Navigation and GPS in Russia


I was asked today for some advice on GPS systems for travelling across Europe and Russia.

I can only give you my personal experience on GPS – I`m not a pro tester so here it goes…

I understand that Garmin works well for Europe and all Latin based languages.

The difficulty with any GPS system occurs when you cross borders – in Russia they use Cyrillic characters; in Ukraine they use Cyrillic but Ukrainian is different language to Russian. Additionally, or at least with system I use, it will not plan journeys over borders where the language changes from Latin format to Cyrillic. So I have to find out the names of the border crossings and key those as destinations, cross the border and key in the next destination on the next map. Weird.

Street signs are are in Cyrillic; in larger cities you might get English signage but don`t count on it. They`ve only been putting up road signs for about 5 years.. earlier than that people only had the vaguest idea of locations outside their own town.

If you can master the Cyrillic alphabet it will help you a lot. Cyrillic is phonetic; if you can recognise the characters you`ll be able to speak a destination quite easily. Also, you`ll recognise Cities and Towns on signs. 

I use a phone based GPS called Ndrive.

Its very good most of the time and allows you to switch between Latin to Cyrillic keyboards. Also, it works well on an Android or Windows phone as well as working with helmet Bluetooth.

Getting bluetooth for helmets on Garmin doubles the cost of the unit. However it`s easier to get a handlebar mount for a Garmin which means you can enter new instructions with your gloves on.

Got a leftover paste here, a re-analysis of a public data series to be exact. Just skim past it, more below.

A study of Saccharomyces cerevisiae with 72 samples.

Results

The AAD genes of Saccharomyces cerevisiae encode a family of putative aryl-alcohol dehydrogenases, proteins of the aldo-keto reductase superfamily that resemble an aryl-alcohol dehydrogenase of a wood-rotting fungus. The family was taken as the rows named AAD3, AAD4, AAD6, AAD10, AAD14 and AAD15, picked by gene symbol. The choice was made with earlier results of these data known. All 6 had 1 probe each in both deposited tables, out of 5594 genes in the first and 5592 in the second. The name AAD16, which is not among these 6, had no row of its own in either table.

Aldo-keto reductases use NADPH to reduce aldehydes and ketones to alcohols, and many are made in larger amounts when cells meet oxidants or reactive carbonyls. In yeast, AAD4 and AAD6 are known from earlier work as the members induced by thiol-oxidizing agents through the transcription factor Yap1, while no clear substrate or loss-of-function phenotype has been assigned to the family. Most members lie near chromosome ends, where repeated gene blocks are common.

I just figured the extra $500 for a Garmin was quite a lot of gas ))). Gas in Europe is very expensive btw… but very cheap in Russia. Which is a good job because Russia is 8,000 miles east to west. 

In my early usage (2010) NDrive seemed to fail a lot, but I discovered it was because my cellphone wasn`t very powerful. Now I`m running a Galaxy S3 and its fine.

I think you can buy one map for Western Europe then Turkey, Ukraine and Russia etc. Not cheap, but good. There`s nothing for Mongolia or Kazakhstan but then there aren`t many proper roads anyway ))))

If you have an iPhone try iGo.

I used this a few years back (2008) and found it very good but the damned iPhone wouldn`t hook up properly with my Helmet bluetooth so I ditched it.

Final piece of my experience – you can buy good local country maps in gas stations in large towns. You can`t buy a map anywhere in the boonies of Eastern Europe.

The citizens will point you anywhere without really knowing where they are pointing.

In small cities, if you ask directions of a car driver or a biker they will usually drive you out to the city limits and set you on the road.

I printed a couple of maps of the whole journey from Bing (better than Google, especially for crossing borders) This helped to keep an overall perspective. I bought a country map for each of the ex-Soviet States once I was in country.. and most of all – I carried a cheap compass.